UK Prime Minister David Cameron made an unexpected stop here at the Dubai Airshow on his way home from the Commonwealth Heads of Government Meeting in Sri Lanka. Speaking to assembled UK aerospace industrialists, he encouraged them to compete in what he termed the “global race.” Cameron did not refer specifically to the possibility of selling Eurofighter Typhoons to the UAE, but did say that he was “incredibly proud to stand up and promote the aircraft around the world.” He later stated his hop that the UK could be entering into a partnership here in the UAE on more general aerospace matters.
Royal Air Force
Eight senior air force commanders from the U.S., Europe and the Middle East have agreed to speak at the Dubai International Air Chiefs Conference (DIAC), which immediately precedes the Dubai Air Show on November 16. They include the British and French air force commanders, and the commander of the USAF’s Central Command. Their decision to attend the conference and show may reflect a desire to reassure allies in the Gulf of their support, after recent disagreements over policy toward Egypt and Syria.
Flight trials of the BAE Systems Taranis UCAS technology demonstrator have started at the Woomera test range in South Australia. But neither the company nor its customer, the UK Ministry of Defence (MoD) has made any announcement. The news emerged from a policy document on military UAS that the MoD submitted to the defense committee of the UK parliament.
Delivery of a new SIGINT aircraft for the Royal Air Force has been postponed. The UK’s Military Airworthiness Authority (MAA) has not yet reviewed the safety case. The Airseeker (the RAF’s name for the U.S. Air Force RC-135 Rivet Joint system) is the latest airframe that could be delayed by the MAA’s detailed scrutiny, which British contractors have privately called overzealous.
The UK Royal Air Force (RAF) has bid a fond farewell to the VC10 air refueling tanker, a type that has been in British military service for 47 years.
The Defence Security and Equipment International (DSEI) in London this week was supported by more than 1,500 exhibitors, with 30,000 visitors from around the world expected, according to organizer Clarion Events. DSEI’s main focus has traditionally been on land, naval and security equipment. But a number of exhibitors this year featured air systems, and the UK Royal Air Force (RAF) ran a series of seminars in which senior officers outlined the service’s capabilities and future plans.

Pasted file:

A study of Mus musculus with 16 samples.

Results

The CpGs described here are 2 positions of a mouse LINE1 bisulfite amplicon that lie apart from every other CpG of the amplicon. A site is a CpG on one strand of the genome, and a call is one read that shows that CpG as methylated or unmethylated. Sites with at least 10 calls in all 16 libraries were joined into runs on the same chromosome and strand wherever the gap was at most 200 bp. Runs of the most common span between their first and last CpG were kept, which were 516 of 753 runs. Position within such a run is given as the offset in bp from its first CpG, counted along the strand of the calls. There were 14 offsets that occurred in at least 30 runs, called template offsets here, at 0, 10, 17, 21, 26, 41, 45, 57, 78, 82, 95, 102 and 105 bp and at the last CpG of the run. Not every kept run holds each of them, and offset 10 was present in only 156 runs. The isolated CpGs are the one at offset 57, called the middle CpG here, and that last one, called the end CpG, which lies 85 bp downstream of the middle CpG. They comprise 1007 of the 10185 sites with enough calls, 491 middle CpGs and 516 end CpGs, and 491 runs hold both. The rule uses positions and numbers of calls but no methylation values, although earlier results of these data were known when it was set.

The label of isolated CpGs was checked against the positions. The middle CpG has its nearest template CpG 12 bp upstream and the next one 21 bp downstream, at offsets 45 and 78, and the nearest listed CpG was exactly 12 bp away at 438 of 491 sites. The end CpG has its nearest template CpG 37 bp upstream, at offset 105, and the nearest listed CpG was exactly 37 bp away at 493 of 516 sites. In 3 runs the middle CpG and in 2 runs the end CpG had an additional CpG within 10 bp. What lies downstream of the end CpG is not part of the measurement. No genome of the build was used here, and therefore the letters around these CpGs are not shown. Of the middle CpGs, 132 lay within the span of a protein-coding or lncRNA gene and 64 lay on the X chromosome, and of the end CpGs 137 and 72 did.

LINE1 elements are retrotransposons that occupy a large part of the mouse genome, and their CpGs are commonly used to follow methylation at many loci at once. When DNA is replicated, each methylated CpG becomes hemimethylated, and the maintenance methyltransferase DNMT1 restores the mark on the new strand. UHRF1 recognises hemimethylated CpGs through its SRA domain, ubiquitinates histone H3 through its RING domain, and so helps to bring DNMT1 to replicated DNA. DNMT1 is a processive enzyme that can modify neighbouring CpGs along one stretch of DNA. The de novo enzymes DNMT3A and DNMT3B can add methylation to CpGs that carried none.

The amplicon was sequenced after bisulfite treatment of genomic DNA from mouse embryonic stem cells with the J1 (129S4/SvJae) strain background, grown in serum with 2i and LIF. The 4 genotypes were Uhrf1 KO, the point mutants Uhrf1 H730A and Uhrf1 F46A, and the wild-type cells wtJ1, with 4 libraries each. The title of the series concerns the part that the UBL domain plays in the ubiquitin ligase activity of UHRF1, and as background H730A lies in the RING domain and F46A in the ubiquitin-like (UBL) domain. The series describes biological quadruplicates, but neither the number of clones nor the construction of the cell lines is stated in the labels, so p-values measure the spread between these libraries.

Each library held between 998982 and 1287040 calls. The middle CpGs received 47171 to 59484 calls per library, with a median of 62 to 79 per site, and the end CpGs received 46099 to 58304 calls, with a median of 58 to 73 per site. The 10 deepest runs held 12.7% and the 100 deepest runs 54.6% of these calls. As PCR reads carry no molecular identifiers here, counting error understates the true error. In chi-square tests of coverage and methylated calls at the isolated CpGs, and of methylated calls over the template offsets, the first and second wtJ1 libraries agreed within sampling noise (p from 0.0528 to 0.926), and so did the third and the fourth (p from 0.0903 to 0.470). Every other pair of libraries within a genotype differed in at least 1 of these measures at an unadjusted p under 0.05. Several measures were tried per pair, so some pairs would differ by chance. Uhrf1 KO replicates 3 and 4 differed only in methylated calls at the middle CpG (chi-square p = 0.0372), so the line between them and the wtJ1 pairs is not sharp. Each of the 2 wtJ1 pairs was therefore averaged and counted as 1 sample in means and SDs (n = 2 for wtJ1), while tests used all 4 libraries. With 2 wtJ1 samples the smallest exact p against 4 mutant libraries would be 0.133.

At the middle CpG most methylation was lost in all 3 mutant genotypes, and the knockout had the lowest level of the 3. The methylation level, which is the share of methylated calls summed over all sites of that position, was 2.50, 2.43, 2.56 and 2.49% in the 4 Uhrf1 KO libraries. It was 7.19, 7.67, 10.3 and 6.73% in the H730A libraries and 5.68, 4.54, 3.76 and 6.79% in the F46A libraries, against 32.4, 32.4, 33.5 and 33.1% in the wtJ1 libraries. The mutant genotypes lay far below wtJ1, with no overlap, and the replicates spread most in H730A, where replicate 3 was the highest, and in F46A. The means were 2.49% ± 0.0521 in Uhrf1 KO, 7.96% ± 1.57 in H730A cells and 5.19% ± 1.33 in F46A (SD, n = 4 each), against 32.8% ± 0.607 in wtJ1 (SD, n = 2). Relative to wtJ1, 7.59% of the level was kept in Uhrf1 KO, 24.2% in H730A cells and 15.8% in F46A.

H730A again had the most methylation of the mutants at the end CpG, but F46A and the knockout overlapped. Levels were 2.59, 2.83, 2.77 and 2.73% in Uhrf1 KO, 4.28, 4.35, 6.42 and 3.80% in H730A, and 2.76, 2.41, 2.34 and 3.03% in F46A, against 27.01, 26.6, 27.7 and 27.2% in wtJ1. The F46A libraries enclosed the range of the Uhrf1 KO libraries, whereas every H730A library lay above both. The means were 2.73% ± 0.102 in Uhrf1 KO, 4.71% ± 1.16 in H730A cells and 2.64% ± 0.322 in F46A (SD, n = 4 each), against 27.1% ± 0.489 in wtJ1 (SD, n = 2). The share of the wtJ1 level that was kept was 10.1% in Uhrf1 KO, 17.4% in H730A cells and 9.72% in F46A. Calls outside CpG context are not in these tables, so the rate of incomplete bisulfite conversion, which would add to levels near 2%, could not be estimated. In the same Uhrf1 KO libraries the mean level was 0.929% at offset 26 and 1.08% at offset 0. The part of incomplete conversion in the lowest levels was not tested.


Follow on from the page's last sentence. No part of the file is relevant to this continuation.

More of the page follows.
On behalf of the seven European nations buying the Airbus Military A400M, the French government defense procurement agency (French acronym DGA) announced that the new airlifter had achieved military certification.
Airbus Military believes that teething problems with its multi-role tanker/transport (MRTT) business are now behind it, and that it’s set to grow over the coming year. With the A330 MRTT the company has the only new-generation tanker/transport flying, and hopes to secure new customers while continuing to deliver aircraft to its existing four operators, who will have received 17 aircraft by the end of 2013.
Beechcraft has a long history of providing special-mission platforms for military intelligence and security programs, reaching back to the late 1950s. Today this business remains highly important to the company, based largely on the King Air family that has become a popular choice of platforms for special-mission duties. Now the company is broadening its portfolio by offering the smaller and cheaper Baron G58 as an ISR (intelligence, surveillance, reconnaissance) platform, and has already delivered the first example to a customer.
British Helicopter Association CEO Peter Norton has urged UK authorities to abandon plans for new restrictions on rotorcraft operations over urban areas following the January 16 accident in which an AgustaWestland A109 Power crashed in central London. The crash prompted British Prime Minister David Cameron to order a review of helicopter operating rules, and an Air Accidents Investigation Branch inquiry is in progress.